We restated Robert Nozick’s mental model of imaginary worlds in our previous post. Next, in the second subsection of Chapter 10 of ASU (pp. 307-309), Nozick hits the pause button to compare and contrast his model of possible worlds with the actual world. Here, Nozick explores the line between fantasy and the feasible, giving several reasons why we won’t be able to realize his model of possible worlds in the actual world. Among these are conflict, friction, and closed borders.
- Conflict and war. What happens when the worlds come into conflict with each other? Or as Nozick notes (p. 307): “Unlike the model, in the actual world communities impinge upon one another, creating problems of foreign relations and self-defense and necessitating modes of adjudicating and resolving disputes between the communities.”
- Friction. Another obstacle are information costs (ibid.): “In the actual world, there are information costs in finding out what other communities there are, and what they are like, and moving and travel costs in going from one community to another.”
- Closed borders. Imagine living in Communist Cuba or East Berlin during the Cold War, or as Nozick puts it (pp. 307-308), “in the actual world, some communities may … try to prevent [their members] from freely leaving their own community to join another. This raises the problem of how freedom of movement is to be … enforced when there are some who will wish to restrict it.”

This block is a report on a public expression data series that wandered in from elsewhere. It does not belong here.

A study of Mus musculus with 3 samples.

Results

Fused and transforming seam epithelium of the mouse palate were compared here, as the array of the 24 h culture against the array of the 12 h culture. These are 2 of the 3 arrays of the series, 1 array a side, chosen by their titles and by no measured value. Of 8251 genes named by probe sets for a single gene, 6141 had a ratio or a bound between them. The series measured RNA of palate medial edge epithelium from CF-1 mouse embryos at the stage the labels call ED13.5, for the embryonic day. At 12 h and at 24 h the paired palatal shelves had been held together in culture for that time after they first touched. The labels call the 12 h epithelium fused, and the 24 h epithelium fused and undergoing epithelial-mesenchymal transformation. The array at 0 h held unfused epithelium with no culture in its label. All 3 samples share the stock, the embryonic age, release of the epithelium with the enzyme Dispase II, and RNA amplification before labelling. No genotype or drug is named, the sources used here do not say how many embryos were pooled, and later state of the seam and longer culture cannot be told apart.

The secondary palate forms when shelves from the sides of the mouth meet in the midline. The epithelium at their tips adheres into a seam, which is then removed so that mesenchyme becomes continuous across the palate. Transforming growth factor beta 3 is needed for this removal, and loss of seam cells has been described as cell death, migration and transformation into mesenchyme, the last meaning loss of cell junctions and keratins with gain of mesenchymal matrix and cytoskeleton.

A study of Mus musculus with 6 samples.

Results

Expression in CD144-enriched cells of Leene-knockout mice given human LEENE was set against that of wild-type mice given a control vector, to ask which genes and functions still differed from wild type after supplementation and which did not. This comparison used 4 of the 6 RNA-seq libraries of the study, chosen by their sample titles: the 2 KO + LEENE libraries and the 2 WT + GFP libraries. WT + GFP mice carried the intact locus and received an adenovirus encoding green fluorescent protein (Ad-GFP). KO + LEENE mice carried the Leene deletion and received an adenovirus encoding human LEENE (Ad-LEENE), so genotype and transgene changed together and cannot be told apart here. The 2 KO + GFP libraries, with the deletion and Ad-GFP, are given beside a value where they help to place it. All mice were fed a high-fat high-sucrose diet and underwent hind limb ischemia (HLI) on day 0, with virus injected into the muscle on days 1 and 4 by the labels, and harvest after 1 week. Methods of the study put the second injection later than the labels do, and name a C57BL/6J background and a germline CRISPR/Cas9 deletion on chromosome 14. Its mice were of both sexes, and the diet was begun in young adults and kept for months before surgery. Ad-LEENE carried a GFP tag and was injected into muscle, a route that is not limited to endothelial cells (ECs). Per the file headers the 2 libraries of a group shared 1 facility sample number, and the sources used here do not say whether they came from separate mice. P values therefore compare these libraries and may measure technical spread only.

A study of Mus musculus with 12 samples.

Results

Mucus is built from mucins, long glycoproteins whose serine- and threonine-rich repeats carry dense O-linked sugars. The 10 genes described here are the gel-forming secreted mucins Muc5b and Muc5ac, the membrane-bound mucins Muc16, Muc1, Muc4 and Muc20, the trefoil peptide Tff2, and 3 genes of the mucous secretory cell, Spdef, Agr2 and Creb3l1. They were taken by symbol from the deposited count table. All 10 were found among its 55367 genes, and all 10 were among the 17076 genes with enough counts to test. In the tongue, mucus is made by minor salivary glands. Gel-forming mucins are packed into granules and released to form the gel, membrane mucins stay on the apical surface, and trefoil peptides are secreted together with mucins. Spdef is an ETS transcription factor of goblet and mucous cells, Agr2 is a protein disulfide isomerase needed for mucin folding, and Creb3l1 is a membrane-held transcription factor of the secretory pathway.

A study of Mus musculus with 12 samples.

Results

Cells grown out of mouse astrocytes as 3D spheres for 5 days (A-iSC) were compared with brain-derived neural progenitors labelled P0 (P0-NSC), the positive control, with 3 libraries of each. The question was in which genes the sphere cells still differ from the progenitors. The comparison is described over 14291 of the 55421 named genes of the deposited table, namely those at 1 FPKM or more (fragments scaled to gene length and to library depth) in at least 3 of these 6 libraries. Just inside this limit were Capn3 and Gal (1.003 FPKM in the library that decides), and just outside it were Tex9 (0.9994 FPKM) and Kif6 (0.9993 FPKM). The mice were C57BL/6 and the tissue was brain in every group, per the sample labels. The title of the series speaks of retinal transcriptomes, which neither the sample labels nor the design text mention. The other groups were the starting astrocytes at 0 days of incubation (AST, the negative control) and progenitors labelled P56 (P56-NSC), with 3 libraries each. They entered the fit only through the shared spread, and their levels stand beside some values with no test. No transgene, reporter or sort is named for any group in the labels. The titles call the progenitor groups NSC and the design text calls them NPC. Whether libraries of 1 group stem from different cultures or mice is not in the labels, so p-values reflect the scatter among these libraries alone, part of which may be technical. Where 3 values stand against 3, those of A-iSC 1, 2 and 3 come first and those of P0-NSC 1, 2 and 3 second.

In short, these problems will make it difficult, if not impossible, to project his model of possible worlds onto the actual world. Nevertheless, as Nozick notes, sometimes the second best is good enough, citing R. G. Lipsey & Kelvin Lancaster’s influential paper, “The General Theory of the Second Best,” Review of Economic Studies, Vol. 24, No. 1 (Dec. 1956), pp. 11-32, available here. In other words, just because Nozick’s model of possible worlds diverges from the actual world, doesn’t mean we should give up our search for utopia. We will review Nozick’s “framework for utopia” in our next post.